The Amazon rainforest is still on fire, and while world leaders called for attention to the crisis ahead of this weekend’s G7 summit, it seems the most they could actually agree to do was throw a few bucks at the problem and shrug.
As the Associated Press reported, the G7 countries agreed to launched a $20 million fund “to help Amazon countries fight wildfires and launch a long-term global initiative to protect the rainforest.”
In response, Brazilian President Jair Bolsonaro accused the leaders of treating the Amazon region “like a colony.” He’s previously blamed the fires on nongovernmental organizations and warmer weather for helping them spread. He’s provided no evidence for his former claim, while experts say the latter is also false.
Alas, it’s truly alarming that world leaders, in response to an area of the world that produces 20 percent of Earth’s oxygen being on fire, can only justify putting up $20 million to help Brazil, Bolivia, Peru, and other countries that share the Amazon rainforest. Comparatively speaking, $20 million is nothing. (According to the AP, the G7 summit cost just over $20 million to put on, and that was called “thrifty.”) For example, here are five other things that put that number to shame:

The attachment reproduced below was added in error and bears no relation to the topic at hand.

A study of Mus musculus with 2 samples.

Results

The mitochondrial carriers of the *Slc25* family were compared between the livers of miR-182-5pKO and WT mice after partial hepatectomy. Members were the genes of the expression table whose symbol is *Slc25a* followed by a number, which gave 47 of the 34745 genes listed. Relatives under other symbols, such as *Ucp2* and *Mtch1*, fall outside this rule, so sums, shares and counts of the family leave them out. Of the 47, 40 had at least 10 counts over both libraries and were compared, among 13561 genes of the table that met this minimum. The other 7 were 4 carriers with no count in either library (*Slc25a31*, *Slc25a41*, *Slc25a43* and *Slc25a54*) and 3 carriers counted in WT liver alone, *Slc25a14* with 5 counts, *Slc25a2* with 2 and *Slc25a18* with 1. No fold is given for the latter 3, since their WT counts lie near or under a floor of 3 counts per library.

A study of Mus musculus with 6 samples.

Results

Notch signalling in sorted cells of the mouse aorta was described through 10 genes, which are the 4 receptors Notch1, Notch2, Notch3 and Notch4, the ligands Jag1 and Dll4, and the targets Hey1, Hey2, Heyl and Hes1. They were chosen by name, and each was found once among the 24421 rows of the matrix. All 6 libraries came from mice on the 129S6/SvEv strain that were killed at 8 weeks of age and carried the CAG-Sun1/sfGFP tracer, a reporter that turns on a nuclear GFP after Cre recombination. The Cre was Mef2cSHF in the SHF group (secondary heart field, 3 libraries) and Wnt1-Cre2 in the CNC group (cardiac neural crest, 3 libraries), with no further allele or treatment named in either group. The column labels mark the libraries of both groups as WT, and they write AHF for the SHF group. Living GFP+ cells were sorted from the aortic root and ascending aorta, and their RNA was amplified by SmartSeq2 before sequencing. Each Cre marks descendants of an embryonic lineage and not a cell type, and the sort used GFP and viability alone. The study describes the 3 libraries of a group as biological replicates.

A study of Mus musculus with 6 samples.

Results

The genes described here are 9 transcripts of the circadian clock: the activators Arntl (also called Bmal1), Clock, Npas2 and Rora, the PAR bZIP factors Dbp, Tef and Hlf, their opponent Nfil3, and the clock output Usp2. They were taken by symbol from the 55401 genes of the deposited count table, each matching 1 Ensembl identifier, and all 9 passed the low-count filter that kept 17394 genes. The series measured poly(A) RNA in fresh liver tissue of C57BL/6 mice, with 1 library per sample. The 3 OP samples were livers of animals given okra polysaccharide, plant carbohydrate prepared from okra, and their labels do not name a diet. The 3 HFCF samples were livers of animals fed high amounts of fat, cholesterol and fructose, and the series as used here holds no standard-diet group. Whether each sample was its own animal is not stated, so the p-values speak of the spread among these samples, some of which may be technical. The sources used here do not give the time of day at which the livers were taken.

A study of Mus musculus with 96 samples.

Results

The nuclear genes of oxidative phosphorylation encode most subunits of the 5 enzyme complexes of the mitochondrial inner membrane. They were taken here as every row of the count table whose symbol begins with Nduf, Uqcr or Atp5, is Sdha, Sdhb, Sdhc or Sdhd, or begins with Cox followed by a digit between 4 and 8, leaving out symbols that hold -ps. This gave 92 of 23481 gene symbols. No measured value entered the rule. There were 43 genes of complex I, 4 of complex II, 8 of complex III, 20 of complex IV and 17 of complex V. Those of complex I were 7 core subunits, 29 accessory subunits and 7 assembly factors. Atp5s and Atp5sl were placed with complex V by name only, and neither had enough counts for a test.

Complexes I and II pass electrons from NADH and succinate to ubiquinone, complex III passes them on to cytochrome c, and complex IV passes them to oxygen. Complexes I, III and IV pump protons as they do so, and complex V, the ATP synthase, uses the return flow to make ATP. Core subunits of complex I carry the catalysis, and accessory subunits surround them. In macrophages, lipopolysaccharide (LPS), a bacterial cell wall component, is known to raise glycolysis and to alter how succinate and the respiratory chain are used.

1. The budget for the gloriously awful movie Venom was $100 million. But don’t worry, the G7 commitment is apparently on par with such productions as Apple’s upcoming series The Morning Show.
2. NFL quarterback Andrew Luck, who just retired from the Indianapolis Colts, made money that makes $20 million look like pocket change:
And other professional athletes’ salaries, of course:
3. President Donald Trump’s golf trips have cost the U.S. far more than what G7 countries will give to fight the Amazon rainforest fires. Who would have guessed!
4. Remember that time the Notre Dame Cathedral caught fire, and more than $1 billion was raised for its recovery in just a couple days? Yeah, far more than this $20 million pledge (and also the inspiration for my favorite Tik Tok):
5. Finally, the combined national wealth of the seven countries that have committed to this laughable sum is more than $300 trillion:
Meanwhile, one single rich person by the name of Leonardo DiCaprio has donated $5 million via his group Earth Alliance to help the Amazon rainforest fire-fighting efforts, a quarter of what these countries have put up.
Of course, we might have expected this chunk of petty change from our own president, but internationally? You really do hate to see it.